The existential risk and doom narratives so popular around climate change are not helpful in actually addressing the problem, says Dr. Lydia Patton.
That was the basic theory behind the Virginia Tech professor’s Marshall Lecture in Public Philosophy, presented Jan. 24 by Saint Mary’s and the Canadian Centre for Ethics in Public Affairs. A video of her lecture, titled "Fateful Decisions: Reckoning with the Climate and the Future", is available for viewing online.
Patton defined existential risk as any risk with the potential to eliminate all of humanity or, at the very least, kill large swaths of the global population, leaving survivors without means of rebuilding or sustaining life on the planet. This overriding language of threat “makes it seem as if we’re gearing up for war,” she said.
“The warlike metaphors surrounding our relationship to the environment do not help. We cannot win a war on the climate.”
Declaring war on the climate also creates risks that have nothing to do with the climate. Risks of more war among nations as mass migration increases; risks that we will accept authoritarian state intervention as a result of mass panic; and risks that we will allow scientific and technology interventions that do further harm to humans and the planet, because we need to ‘do something’.
It’s time for fateful decisions that will help us foster new strategies and narratives around climate change, Patton said, adding “we don’t necessarily need new tools – but we do need to make better use of the tools we already have.”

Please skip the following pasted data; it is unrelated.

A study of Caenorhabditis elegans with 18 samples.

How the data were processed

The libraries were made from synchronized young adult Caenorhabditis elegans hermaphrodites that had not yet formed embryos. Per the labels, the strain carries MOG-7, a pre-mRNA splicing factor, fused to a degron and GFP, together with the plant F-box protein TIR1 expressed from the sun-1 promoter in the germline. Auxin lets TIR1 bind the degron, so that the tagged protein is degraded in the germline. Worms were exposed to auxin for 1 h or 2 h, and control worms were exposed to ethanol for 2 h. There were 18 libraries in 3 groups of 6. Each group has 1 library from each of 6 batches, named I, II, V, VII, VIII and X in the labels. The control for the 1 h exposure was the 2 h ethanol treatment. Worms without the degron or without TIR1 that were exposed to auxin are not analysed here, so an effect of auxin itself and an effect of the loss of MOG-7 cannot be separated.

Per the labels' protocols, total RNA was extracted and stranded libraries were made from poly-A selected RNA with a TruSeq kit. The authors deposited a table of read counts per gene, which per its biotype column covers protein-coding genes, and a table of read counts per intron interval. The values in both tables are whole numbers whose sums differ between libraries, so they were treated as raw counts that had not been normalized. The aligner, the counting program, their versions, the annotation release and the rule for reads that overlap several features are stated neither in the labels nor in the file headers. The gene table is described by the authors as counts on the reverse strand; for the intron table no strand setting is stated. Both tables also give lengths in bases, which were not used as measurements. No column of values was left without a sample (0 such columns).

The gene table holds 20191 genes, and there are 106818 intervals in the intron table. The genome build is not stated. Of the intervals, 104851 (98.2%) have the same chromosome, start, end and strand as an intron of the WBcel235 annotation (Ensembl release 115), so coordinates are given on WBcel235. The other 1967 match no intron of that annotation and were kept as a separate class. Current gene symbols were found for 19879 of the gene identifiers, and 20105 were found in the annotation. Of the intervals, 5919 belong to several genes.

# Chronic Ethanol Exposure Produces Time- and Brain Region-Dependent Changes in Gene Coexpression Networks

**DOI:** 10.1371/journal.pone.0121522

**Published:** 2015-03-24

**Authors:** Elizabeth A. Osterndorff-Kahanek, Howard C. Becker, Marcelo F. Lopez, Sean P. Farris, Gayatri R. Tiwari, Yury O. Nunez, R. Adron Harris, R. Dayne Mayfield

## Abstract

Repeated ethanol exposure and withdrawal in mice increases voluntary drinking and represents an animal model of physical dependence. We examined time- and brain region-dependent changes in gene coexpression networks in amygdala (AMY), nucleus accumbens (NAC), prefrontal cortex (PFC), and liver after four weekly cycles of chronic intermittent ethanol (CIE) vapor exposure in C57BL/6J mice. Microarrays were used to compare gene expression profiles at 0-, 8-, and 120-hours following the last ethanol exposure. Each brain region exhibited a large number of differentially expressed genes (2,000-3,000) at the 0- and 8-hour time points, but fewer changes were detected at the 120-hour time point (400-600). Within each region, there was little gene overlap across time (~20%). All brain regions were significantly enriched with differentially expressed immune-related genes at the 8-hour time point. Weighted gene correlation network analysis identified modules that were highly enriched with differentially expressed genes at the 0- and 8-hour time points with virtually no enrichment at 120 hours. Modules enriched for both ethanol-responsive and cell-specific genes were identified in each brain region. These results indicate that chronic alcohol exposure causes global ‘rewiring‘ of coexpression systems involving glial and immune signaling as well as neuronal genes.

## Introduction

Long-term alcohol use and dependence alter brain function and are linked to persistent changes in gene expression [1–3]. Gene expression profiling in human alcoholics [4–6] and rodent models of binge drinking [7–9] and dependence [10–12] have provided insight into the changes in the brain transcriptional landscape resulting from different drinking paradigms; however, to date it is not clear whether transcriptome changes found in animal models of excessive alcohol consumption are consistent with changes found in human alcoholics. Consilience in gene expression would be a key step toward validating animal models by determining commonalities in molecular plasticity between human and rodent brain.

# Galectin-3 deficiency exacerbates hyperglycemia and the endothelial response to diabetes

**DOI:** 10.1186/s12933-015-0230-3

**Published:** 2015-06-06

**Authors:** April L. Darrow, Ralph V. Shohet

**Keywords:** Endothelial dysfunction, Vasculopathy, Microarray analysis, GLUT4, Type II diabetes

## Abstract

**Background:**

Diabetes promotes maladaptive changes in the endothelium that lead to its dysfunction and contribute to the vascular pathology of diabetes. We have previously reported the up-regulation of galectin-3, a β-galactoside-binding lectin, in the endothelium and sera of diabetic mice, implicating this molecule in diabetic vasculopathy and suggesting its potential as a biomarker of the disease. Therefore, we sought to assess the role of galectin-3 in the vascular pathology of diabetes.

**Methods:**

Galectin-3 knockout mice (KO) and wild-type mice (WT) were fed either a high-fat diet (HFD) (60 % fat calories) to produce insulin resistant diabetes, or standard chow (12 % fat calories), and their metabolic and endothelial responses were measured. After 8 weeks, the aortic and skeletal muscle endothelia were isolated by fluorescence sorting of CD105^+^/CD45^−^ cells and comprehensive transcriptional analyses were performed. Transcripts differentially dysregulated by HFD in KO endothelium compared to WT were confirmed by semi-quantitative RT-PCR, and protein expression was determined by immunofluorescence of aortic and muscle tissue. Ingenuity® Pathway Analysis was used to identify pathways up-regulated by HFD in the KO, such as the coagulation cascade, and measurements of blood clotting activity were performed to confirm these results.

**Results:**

Patton, also editor of The Journal of the International Society for the History of Philosophy of Science, returned to campus the next day to continue the discussion with philosophy classes. While in Halifax, she also did interviews with CBC Mainstreet and the Chronicle Herald; for further reading, see the Herald article “Time to fight back against popular climate perceptions, philosopher says”.
The powerful public lecture – and meeting Dr. Patton – made a huge impression on graduating student Robbie Mason of Lakeview, Nova Scotia, particularly on the day before her convocation.
“It’s great to see that women are out doing philosophy work professionally and presenting such prestigious talks,” she said. On Jan. 25, Mason graduated summa cum laude with an Honours B.A. in Philosophy and she’s heading to the Schulich School of Law this fall.
Dr. Patton’s lecture showed how philosophy is a crucial lens for examining contemporary issues in all academic disciplines, said Mason.
“It really creates a good foundation for critical thought, not only in life events but the political climate, current challenges such as climate change, everything really. It can help in all aspects of life.”
Mason said her degree will provide an exceptional foundation for her studies in law. When she first started at SMU, she didn’t expect to pursue a philosophy degree but a first-year intro course drew her in.
“It’s absolutely one of the best things I’ve done with my life up to this point. The professors and your peers within the department are so wonderful. They encourage you to think deeply about topics you’re interested in and just foster really good learning and intellectual debate. I highly recommend doing a philosophy degree!”
Submitted by Marla Cransont, Faculty of Arts.